November 26th 2020

Medical Negligence

£9.4m investment into ‘cutting edge training’ on UK maternity wards should bring much needed improvement in care standards

Amanda Stevens

Amanda Stevens

Managing Director, London and South

£9.4m investment into ‘cutting edge training’ on UK maternity wards should bring much needed improvement in care standards

It was absolutely fantastic to hear the Government pledge a new £9.4m investment into improving safety standards on UK maternity wards.

It was absolutely fantastic to hear the Government pledge a new £9.4m investment into improving safety standards on UK maternity wards.

The funding was announced as part of the eagerly anticipated spending review, unveiled by Chancellor Rishi Sunak yesterday.

It is a move which should help the NHS make significant progress towards the target of halving stillbirths, neonatal deaths and brain injuries, and maternal mortality by 2025.

Having myself being part of a campaign calling for a similar investment into training, which was taken all the way to Number 10 Downing Street in March of this year, the news is especially pleasing.

We supported the mother and baby charity Baby Lifeline in raising awareness of a lack of funding for maternity training and equipment, and it was a campaign which won the support of the Royal College of Midwives and the Royal College of Obstetricians and Gynaecologists.

It was also backed by influential senior figures who have led reviews into continued maternity care failings in UK hospitals.

The new funding has been pledged with the promise of introducing new pilots of “cutting-edge training” to improve practice during childbirth, and with the aim of reducing the number of birth-related brain injuries.

In a year where there have been so many challenges for the Government and the NHS, it is pleasing to see maternity hasn’t been forgotten, and never should it be so.

Continued investment, training and learning is key to maternity care improvement

Given our work at Hudgell Solicitors in supporting families whose lives are massively affected by avoidable birth injury, we have always believed it to be a major failing for there not to be consistent and continued investment into maternity care training.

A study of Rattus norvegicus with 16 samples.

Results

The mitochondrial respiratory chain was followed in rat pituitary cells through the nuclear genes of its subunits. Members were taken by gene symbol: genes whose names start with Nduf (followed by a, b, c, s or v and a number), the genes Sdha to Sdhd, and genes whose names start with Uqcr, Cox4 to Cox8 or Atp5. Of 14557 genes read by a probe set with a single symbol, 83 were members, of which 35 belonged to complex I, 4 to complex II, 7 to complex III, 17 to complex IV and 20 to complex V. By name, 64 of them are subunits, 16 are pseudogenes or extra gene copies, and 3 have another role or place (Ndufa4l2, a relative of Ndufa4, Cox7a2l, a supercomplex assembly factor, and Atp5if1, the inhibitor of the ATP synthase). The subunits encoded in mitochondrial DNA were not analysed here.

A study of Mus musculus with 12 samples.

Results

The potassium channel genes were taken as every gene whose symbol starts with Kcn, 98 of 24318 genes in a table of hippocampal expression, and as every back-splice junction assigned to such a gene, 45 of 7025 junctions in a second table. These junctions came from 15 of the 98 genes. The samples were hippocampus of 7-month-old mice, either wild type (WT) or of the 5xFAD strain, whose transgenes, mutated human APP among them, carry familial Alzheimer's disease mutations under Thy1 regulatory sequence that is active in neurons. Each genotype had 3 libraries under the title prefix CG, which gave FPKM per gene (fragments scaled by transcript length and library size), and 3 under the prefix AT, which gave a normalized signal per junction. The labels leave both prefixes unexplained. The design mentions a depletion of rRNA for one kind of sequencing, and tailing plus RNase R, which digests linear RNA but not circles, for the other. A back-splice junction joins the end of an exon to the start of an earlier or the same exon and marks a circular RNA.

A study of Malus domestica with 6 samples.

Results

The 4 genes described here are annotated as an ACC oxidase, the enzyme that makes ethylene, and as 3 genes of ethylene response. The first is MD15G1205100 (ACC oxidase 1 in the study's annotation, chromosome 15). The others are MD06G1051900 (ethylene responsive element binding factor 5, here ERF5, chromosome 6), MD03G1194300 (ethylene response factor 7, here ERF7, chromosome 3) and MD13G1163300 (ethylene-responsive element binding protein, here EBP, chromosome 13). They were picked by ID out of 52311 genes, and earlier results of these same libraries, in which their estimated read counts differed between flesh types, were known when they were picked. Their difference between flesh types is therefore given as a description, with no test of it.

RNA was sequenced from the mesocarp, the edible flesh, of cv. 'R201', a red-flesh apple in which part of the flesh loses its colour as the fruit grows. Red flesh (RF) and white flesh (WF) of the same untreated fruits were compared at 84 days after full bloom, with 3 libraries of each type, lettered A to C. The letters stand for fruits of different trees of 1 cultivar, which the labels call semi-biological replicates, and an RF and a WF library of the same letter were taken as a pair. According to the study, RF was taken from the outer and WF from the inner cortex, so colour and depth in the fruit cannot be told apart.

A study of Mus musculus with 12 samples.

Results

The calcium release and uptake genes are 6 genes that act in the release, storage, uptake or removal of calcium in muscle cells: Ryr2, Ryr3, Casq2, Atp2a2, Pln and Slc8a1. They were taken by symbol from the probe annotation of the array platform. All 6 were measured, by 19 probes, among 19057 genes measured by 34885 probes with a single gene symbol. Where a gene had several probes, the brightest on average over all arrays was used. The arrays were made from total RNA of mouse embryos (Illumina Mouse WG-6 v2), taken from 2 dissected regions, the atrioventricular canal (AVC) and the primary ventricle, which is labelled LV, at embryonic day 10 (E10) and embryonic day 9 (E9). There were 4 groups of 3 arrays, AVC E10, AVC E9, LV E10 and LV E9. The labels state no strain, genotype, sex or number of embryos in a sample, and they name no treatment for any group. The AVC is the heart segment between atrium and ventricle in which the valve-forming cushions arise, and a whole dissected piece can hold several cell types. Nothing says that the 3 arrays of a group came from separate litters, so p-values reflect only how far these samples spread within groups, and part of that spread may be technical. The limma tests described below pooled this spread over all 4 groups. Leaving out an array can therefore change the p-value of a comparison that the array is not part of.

Alongside Baby Lifeline, we have called for standardised training across all NHS maternity wards, focussed on improving systems and protocols and ensuring open and transparent cultures are nurtured to ensure mistakes are addressed and lessons learned.

The Government deserves credit for committing to this investment, especially in the current climate, but the people who have campaigned so hard on this issue also deserve huge credit too.

Over the past few years there have been an appalling number of scandals related to maternity care in the UK, including the single largest maternity scandal in NHS history being exposed last year at the Shrewsbury and Telford Hospitals Trust, where dozens of babies died or were left with brain damage and an ongoing independent investigation has looked into almost 1,900 cases of poor care.

In January this year it emerged that 138 babies at East Kent Hospitals University Trust had been starved of oxygen at birth, with dozens more deaths, whilst the Care Quality Commission (CQC) has warned a third of units across England need to improve on safety.

This investment finally demonstrates the kind of commitment required to better protect women and babies, and prevent a large number of lives being forever affected by negligent maternity care.

And whilst the new funding is something to be celebrated, it can’t be a one off.

The maternity profession needs repeated investment and training to improve and maintain standards into the future, and ensure future generations benefit from the best possible care.